AUSTIN - The Municipal Advisory Council of Texas is considering establishing its statewide repository for tax-exempt bond information as part of the secondary disclosure system proposed by the federal Securities and Exchange Commission.

At a meeting last week, the council board authorized its executive director to meet June 7 with SEC officials to discuss the investment banking group's current system that provides financial information on 4,500 issuers in the state.

Executive director Dan Black also will ask how the state system could fit into the SEC's plans to set up a nationwide repository that would be a clearinghouse for municipal bond issuers' annual financial and other operating information.

"We don't have an official position on being a statewide repository," Black said. "We are just going to give them an idea of what the Municipal Advisory Council does."

For decades, the council, which has more than 100 investment banking firm members, has provided secondary disclosure information on most issuers in Texas, except for health and housing. Audited reports on the finances of most issuers, from cities to schools, are updated annually, meeting or possibly surpassing what the SEC requires, investment banking sources said.

"We are the most technically advanced in the state as far as gathering information," said Stephen Young, the council's vice chairman and manager of Southwest regional trading and the municipal underwriting desk at Dean Witter Reynolds Inc. in Dallas. "It would be a logical step for the Municipal Advisory Council to become a statewide repository."

However, Young and council chairman Robert Vanosky said the organization would take its lead from the SEC and would only bid to become come a repository if a statewide system, and not just one central repository, is established.

"It may be easier for issuers to file and less expensive for dealers to retrieve information from a statewide repository," said Vanosky, who is executive vice president and co-head of the fixed income group for Rauscher Pierce Refsnes.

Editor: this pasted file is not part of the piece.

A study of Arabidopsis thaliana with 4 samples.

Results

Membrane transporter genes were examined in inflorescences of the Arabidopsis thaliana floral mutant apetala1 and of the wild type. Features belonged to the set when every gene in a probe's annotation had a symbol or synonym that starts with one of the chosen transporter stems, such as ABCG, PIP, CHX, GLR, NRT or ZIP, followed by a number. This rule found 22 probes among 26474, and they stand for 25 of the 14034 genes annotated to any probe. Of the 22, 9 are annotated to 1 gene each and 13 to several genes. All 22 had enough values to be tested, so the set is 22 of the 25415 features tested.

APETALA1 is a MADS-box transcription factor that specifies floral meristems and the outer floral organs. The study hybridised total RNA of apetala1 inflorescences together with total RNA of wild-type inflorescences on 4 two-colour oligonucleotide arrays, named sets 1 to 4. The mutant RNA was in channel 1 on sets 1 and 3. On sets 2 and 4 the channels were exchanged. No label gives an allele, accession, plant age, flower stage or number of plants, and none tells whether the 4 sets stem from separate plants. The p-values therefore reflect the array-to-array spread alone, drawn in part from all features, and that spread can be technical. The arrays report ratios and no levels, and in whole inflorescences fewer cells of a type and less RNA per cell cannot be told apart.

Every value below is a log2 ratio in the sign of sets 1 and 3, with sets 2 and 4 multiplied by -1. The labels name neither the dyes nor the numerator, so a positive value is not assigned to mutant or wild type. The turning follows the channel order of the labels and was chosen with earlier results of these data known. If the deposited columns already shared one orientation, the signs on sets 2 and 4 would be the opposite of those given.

Vanosky said he believes the Municipal Advisory Council would be the best choice for a state repository.

"The quickest and most efficient way for Texas to move forward on a state repository would be to consider the Municipal Advisory Council," Vanosky said. "A state agency is always a possibility, but since the council has been collecting information for decades, they are in a far better position to put together a repository."

Albert Bacarisse, executive director for the Texas Bond Review Board, which represents state government, had a similar point of view. "They have a head start over anyone else," Because said. "I know of no state agency considering it."

He said the cost and the technology needed to implement a repository could be prohibitive.

At a meeting of state-level issuers last week, Fredric Weber, an attorney with Fulbright & Jaworski in Houston, said that setting up a nationwide repository would take a large investment in technology and other items to provide information on about 80,000 issuers in the United States.

"The cost are staggering," Weber said. "If I were in the state's position, I would hesitate to get involved in this."

Part of the problem is that states and other agencies don't know exactly what the SEC will require. On March 9, the SEC approved a proposal that would bar dealers from under-writing an offering unless the issuer has agreed to provide to a nationally recognized repository annual financial and other operating information as well as notices of material changes.

The rule, published March 17 in the Federal Register and open to comment until July 15, also would bar dealers from recommending a bond in the secondary market without having previously reviewed that information.

However, the requirements for an organization that wants to become a Nationally Recognized Municipal Securities Information Repository, or NRMSIR, have not been outlined.

Three organizations serve as unofficial nationwide repositories: J.J. Kenny Co., The Bond Buyer, and Bloomberg Financial Markets. Several states, including New York and North Carolina, have talked about statewide repositories.

"It's awfully early to decide what we will be doing because the SEC doesn't know what they want yet," said Pete Stare, a Municipal Advisory Council board member and senior vice president in charge of trading for Masterson Moreland Sauer Whisman in Houston.

The council could submit a comment by the July 15 deadline to the SEC on its position about repositories However, it does not intend to comment on other issues, Vanosky said, because the organization wants to allow investment banking members to respond individually.